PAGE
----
More properly, this node could be namespaced How to Build a Canoe: Cedar Strip, because that's the topic. But it doesn't roll off the tongue as nicely, and, besides, I'm here first. If someone else wants to tell how to build a Kevlar or birch-bark canoe, let them namespace it.

As far as the end product goes, cedar strip construction for small craft does yield one of the most beautiful and functional end products around. The soft glow of natural wood in a fair curve is unbeatable, and the boat is very lightweight—only Kevlar canoes are consistently lighter.

Materials needed:

Tools/ Equipment * I believe an old carpenter's adage was, "Measure three times, cut once." While this may still be true, an even more important one is, "You can never have too many clamps."

Phase 1: Construct the frames that define the shape of your canoe. The end result if this phase will be a rigid strongback with a cross-section of the upside-down canoe projecting up every foot or so. It always reminds me of the torso of a dinosaur skeleton, the cross-sections appearing as ribs.
  1. Either loft the plans if you are smart, or, if you are wise, take the full-size, pre-lofted plans, and transfer them the MDF. Cut out the cross-sections.
  2. Build a strongback. Mine was seventeen feet of 2x6, with 18-inch wide panels of particleboard attached to make an inverted U, all mounted on a pair of 2x6 legs. The critical thing is that it be rigid, straight, and torsionally stable.
  3. Mount the cross-sections onto the strongback to make the dinosaur.

    Phase 2: Build the hull of the canoe.
  4. Rip the cedar boards into ¼ inch strips, then scarf some of the strips together to make 18-foot strips.
  5. Strip the canoe. This consists of taking a strip, carefully trimming it to fit the one below (and possibly above as well,) gluing the edge with wood glue, and then stapling it to the forms in place. On each side it will take about 35 strips, but because of the way the bow and stern flare and the shape of the canoe, you'll be fitting quite a few more. There is a lot of reward in this step, since the canoe will take form before your eyes, and it's fun to frequently step back and admire your work. But it freakin' takes forever, and gets quite tedious. Most of the books and instructions on building canoes list this as one step, just like I do here. While doing this step I found myself muttering imaginary instructions to other various projects: "How to build a Great Pyramid of Giza: "Step 5: Assemble your stone blocks into a giant pyramid."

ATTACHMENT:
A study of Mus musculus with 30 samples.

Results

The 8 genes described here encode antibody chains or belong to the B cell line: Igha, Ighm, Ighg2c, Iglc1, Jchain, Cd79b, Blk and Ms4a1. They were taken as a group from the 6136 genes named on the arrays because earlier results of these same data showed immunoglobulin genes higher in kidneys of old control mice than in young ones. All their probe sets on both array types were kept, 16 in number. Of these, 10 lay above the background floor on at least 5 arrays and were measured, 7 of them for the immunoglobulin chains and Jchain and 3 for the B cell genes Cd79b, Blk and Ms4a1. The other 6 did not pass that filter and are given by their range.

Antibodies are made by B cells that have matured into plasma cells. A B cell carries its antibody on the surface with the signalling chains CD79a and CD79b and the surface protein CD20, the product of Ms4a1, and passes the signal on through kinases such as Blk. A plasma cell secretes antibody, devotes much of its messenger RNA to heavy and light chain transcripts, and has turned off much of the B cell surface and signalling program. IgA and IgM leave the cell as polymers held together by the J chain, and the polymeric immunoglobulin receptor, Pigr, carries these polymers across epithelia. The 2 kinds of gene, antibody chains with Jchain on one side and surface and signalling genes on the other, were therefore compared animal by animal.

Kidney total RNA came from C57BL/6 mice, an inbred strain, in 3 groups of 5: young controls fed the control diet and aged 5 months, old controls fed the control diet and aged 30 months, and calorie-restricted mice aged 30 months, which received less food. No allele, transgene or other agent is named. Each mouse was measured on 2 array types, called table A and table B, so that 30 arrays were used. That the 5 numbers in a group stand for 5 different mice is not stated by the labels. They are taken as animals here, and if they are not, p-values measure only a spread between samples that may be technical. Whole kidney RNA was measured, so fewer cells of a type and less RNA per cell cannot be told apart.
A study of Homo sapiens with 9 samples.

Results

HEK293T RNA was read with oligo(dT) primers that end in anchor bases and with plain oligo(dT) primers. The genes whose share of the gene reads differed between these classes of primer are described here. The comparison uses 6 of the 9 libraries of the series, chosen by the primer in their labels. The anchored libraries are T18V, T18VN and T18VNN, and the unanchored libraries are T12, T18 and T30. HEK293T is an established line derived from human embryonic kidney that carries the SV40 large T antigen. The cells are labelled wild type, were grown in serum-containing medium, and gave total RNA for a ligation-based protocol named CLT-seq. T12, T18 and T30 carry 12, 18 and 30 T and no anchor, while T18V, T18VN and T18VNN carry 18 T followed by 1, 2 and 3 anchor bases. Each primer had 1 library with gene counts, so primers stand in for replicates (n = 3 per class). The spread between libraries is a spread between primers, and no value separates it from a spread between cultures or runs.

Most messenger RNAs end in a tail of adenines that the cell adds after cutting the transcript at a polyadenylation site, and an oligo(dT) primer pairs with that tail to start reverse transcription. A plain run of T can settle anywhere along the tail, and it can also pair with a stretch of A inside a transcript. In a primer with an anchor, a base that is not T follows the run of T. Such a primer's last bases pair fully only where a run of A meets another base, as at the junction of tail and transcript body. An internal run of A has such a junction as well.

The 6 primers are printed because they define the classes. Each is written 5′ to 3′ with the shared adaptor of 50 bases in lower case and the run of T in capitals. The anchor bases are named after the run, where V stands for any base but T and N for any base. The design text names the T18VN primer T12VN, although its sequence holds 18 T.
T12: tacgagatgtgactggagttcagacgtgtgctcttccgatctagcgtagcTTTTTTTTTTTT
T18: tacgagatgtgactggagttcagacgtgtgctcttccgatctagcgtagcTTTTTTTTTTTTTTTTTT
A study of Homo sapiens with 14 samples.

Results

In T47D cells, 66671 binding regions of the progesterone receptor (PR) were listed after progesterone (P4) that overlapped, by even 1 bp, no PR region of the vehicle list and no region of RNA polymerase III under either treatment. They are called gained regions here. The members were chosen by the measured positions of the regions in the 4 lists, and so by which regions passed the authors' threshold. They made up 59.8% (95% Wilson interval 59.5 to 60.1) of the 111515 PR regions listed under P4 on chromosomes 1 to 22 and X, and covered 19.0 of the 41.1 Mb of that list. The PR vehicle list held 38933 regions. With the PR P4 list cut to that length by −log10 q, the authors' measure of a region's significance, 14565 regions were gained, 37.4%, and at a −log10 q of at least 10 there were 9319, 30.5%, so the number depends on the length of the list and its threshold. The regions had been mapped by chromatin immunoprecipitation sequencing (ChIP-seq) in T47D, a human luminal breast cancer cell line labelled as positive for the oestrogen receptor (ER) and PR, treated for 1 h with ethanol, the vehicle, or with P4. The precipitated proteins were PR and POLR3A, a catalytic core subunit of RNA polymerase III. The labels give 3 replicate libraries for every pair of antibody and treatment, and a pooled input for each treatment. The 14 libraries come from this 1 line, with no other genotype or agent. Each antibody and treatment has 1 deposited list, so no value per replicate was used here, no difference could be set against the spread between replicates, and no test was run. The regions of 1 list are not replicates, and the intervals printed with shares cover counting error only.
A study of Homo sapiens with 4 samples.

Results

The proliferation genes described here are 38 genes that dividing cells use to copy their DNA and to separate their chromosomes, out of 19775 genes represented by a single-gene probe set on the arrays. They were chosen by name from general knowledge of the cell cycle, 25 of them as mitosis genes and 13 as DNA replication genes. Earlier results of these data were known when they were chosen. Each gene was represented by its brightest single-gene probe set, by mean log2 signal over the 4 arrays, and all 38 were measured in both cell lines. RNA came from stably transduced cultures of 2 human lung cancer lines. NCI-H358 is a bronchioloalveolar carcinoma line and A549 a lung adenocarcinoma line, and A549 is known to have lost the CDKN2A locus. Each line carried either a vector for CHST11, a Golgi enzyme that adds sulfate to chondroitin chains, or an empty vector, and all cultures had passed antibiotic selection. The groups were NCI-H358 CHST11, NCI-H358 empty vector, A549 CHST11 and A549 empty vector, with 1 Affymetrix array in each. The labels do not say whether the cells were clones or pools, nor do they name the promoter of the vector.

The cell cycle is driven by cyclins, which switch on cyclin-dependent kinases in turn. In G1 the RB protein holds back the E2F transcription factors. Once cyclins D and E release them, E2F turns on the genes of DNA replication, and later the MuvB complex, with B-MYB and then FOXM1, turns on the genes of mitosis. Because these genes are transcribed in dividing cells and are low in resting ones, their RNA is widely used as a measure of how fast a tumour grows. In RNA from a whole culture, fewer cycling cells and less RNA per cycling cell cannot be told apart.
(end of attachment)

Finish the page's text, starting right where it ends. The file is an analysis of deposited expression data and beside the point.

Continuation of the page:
6. Pull all the staples.
  7. Fair the (outer) hull. This is fun, and best accomplished by a block plane. Then sand it.
  8. Drape the fiberglass on the hull, then wet it out with epoxy. This is where the strength of the canoe comes from; it is essentially a lightweight sandwich of a soft, light cedar bonded to an inner and outer skin of fiberglass and epoxy.
  9. Sand down until you can just see the fibers of the 'glass. Apply another fill coat of epoxy. Repeat 3 or so times until you have a perfectly smooth surface.
  10. Pop the canoe off the forms, and set it right-side up in a cradle. Make a campfire out of the forms and strongback to celebrate, if you are inclined.
  11. Scrape out the inside of the hull (this is best accomplished by a paint-scraper with the corners filed down. Go to the hardware store to get it.) Then sand the inside.
  12. Fiberglass the inside, sand, and apply a couple fill coats as above. The inside surface doesn't have to be perfectly smooth, though, since leaving the weave of the cloth showing will aid in traction, and spare the added ounces of epoxy.
    Note: Your canoe is now technically seaworthy. It's far from finished, but if you must, you could paddle it around for the satisfaction.

    Phase 3: Finish out the canoe with all the parts that transform it from a bunch of boards stuck together to a real boat.
  13. Scarf the gunwales, plane them to shape, and epoxy them in place. If you want, you can use a router to add scuppers to the inside gunwale.
  14. Shape and epoxy in place the triangular fore and aft decks—all eight inches of them.
  15. Make the thwart and yolk and bolt them in place to the gunwales.
  16. Put the seats in. Now, you can make them from scratch, even caning them if you'd like. Me, by now I was so eager to get the project finished I went out to REI and bought pre-made ones and a suspension system, cut them to size, and installed them.
  17. Finally, apply several coats of marine spar varnish to everything. Epoxy is great stuff, but kind of soft, and will degrade with exposure to sunlight. The varnish provides a more durable finish and UV protection, as well as a beautiful finish.

The canoe is now completely finished. Have everybody come and admire its flawless beauty in your workshop. After everybody admires it, the final step I recommend is dropping something on the hull or dragging it a few inches across the driveway just to get that first scratch out of the way.

Log in or register to write something here or to contact authors.